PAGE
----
A Guide to Our Notre-Dame Fire Coverage

The fire that ravaged Notre-Dame cathedral in Paris on Monday left a scarred skyline that one of the French capital’s most iconic structures has graced for centuries. Gone is the cathedral’s soaring, delicate 300-foot spire, which collapsed in the flames. The cathedral’s wooden roof is now blackened and charred.

In the aftermath of the fire, a reckoning has begun into the cause of the blaze and how it could have spread so quickly through the historic building.

Here is a guide to some of our coverage of the devastating blaze.

Benjamin Mouton, the architect who oversaw the design of the fire safety system at Notre-Dame, acknowledged that officials had misjudged how quickly a flame could spread through the cathedral. The system was based on the assumption that the ancient oak timbers in its attic would burn slowly.

Also, the fire alarms did not notify dispatchers right away. Instead, a guard at the cathedral first had to climb a steep set of stairs to the attic. Only after a blaze was discovered could the fire department be notified and deployed. That means there was a built-in delay of about 20 minutes, and then firefighters would still have to climb to the attic with hundreds of pounds of equipment to battle the flames.

The cathedral, which was under renovation, was encased in a web of scaffolding before the blaze broke out. It started in the attic, a remote space above the structure’s arches where dry wood beams formed a combustible lattice. The source of the fire was likely near the spire, but its cause has not been confirmed, though it is believed to have been accidental. It could have been caused by an electrical problem or human error.

A 3-D interactive model created by The Times explores the progression of the destruction through the structure, which had a smoke detection system but no other basic fire safety measures.

Notre-Dame is in the center of the city on a small island called Île de la Cité, which may have made it more difficult for firefighters to reach.

For nearly five hours, about 500 firefighters battled the blaze. By 11 p.m. in Paris, the cathedral had been “saved and preserved as a whole,” the fire chief, Jean-Claude Gallet, said. The cathedral’s two towers had been spared, but two-thirds of the roof was destroyed.

“The worst has been avoided even though the battle is not completely won,” President Emmanuel Macron said, vowing that the cathedral would be rebuilt.

But the spectacle of flames leaping from the cathedral left the country stunned, as pictures of the fire and its aftermath reflect. The landmark of medieval Gothic architecture built in the 12th and 13th centuries is visited by about 13 million people a year.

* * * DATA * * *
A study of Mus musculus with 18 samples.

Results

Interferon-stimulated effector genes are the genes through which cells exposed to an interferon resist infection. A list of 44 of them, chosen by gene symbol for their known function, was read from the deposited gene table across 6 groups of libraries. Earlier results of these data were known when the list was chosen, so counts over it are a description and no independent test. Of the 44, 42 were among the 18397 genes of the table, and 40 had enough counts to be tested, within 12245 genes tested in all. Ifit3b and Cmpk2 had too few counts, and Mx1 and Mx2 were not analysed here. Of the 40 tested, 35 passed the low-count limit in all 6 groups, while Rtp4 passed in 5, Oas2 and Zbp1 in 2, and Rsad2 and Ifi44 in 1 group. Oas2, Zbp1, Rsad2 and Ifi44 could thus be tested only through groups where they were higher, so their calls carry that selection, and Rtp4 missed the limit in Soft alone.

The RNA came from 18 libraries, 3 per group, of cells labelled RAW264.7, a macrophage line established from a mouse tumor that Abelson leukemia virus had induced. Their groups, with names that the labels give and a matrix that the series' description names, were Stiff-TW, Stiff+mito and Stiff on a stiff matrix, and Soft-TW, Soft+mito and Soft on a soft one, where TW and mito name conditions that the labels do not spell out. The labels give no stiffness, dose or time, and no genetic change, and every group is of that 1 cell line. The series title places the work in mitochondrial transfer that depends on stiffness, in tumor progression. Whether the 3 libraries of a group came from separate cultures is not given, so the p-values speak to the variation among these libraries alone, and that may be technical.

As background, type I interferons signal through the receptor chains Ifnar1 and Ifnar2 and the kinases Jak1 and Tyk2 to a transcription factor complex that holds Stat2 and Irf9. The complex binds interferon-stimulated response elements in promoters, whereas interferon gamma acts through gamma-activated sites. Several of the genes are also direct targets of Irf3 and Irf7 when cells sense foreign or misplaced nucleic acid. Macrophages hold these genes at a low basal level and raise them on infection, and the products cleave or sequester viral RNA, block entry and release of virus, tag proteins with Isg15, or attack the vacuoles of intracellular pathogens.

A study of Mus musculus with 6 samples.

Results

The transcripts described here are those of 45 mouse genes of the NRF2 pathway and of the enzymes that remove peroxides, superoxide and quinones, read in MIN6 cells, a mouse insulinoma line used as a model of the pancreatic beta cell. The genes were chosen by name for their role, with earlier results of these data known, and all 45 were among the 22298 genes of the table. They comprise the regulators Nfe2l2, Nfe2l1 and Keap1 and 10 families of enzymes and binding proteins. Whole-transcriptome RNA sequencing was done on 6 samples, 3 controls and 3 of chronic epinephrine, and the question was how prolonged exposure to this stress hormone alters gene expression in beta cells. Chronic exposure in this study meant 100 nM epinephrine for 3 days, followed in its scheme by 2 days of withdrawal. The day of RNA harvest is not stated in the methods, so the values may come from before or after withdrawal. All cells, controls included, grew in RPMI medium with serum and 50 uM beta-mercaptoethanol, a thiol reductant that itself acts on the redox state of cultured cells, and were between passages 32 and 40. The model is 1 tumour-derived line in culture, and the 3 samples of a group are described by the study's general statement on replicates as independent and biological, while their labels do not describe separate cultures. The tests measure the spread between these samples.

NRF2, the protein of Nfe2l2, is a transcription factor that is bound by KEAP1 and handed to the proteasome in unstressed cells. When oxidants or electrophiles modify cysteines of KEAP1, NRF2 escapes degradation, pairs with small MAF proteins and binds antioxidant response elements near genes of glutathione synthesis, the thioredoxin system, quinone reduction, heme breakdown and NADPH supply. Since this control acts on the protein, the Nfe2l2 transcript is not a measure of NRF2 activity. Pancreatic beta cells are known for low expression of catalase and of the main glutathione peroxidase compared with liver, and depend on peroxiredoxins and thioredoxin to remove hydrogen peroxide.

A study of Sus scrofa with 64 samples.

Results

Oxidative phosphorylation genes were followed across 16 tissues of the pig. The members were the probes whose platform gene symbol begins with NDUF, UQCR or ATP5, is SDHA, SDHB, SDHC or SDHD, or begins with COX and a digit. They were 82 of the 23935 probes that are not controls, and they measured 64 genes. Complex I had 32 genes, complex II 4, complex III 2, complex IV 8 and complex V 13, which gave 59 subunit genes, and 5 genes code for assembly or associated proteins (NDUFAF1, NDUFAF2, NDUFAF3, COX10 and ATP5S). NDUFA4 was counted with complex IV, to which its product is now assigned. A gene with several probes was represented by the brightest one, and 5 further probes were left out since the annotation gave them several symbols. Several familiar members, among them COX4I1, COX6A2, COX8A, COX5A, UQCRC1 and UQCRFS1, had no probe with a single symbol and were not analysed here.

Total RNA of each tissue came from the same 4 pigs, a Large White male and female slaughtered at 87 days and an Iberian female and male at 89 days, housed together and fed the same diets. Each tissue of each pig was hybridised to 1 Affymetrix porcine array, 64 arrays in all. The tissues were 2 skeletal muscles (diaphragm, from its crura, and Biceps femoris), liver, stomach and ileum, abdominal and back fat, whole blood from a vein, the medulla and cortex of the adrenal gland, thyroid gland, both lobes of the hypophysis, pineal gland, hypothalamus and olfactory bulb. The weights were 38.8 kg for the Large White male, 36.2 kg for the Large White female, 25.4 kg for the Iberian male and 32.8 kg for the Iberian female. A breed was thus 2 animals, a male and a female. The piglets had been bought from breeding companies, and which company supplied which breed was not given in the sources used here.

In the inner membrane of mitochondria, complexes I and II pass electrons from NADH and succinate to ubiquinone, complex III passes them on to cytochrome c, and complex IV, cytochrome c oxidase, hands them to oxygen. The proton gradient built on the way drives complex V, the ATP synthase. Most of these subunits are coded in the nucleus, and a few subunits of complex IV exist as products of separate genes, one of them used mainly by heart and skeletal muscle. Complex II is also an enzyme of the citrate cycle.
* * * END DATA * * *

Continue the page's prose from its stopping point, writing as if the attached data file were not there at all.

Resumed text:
For many, the cathedral is the heart of Paris. France is a fundamentally Roman Catholic country, and Notre-Dame is also a place that combines the secular, the sacred and the profane.

The structure is among the places in Western Europe most visited by tourists, and is “embedded into popular culture,” said François Heisbourg, a French analyst. It features in Victor Hugo’s work, of course, but also in films and the animated musical “The Hunchback of Notre Dame.”

Mr. Macron, who has faced an uprising against his pro-business government, asked French citizens to come together and move beyond the divisions that have wrenched the country during months of violent street protests.

He called for national attention to be focused on the project of rebuilding the cathedral, vowing to restore it within five years. The government has said it would organize an international architecture competition to design a new spire.

Donations poured in from around the world, including from some of France’s wealthiest families. In the days after the fire, individuals, companies and institutions had donated or pledged 845 million euros, about $950 million, to rebuild the damaged cathedral. But the spectacle of the country’s wealthiest families trying to one-up one another quickly intensified resentment that had flared during the Yellow Vest protests over economic inequality.

The relics and artwork that firefighters had scrambled to save from the fire were transferred first to Paris City Hall and then to the Louvre museum for safekeeping. Firefighters also said artwork that remained in the cathedral appeared surprisingly well preserved.

Among the central figures in the effort was the Fire Department’s chaplain, Rev. Jean-Marc Fournier. He guided his colleagues through the many chapels and alleys of the burning cathedral and told them what to save first. Among the objects they saved were the crown of thorns said to have been worn by Jesus, the tunic of Saint Louis and a piece of wood and a nail believed to have been part of the cross used in the crucifixion.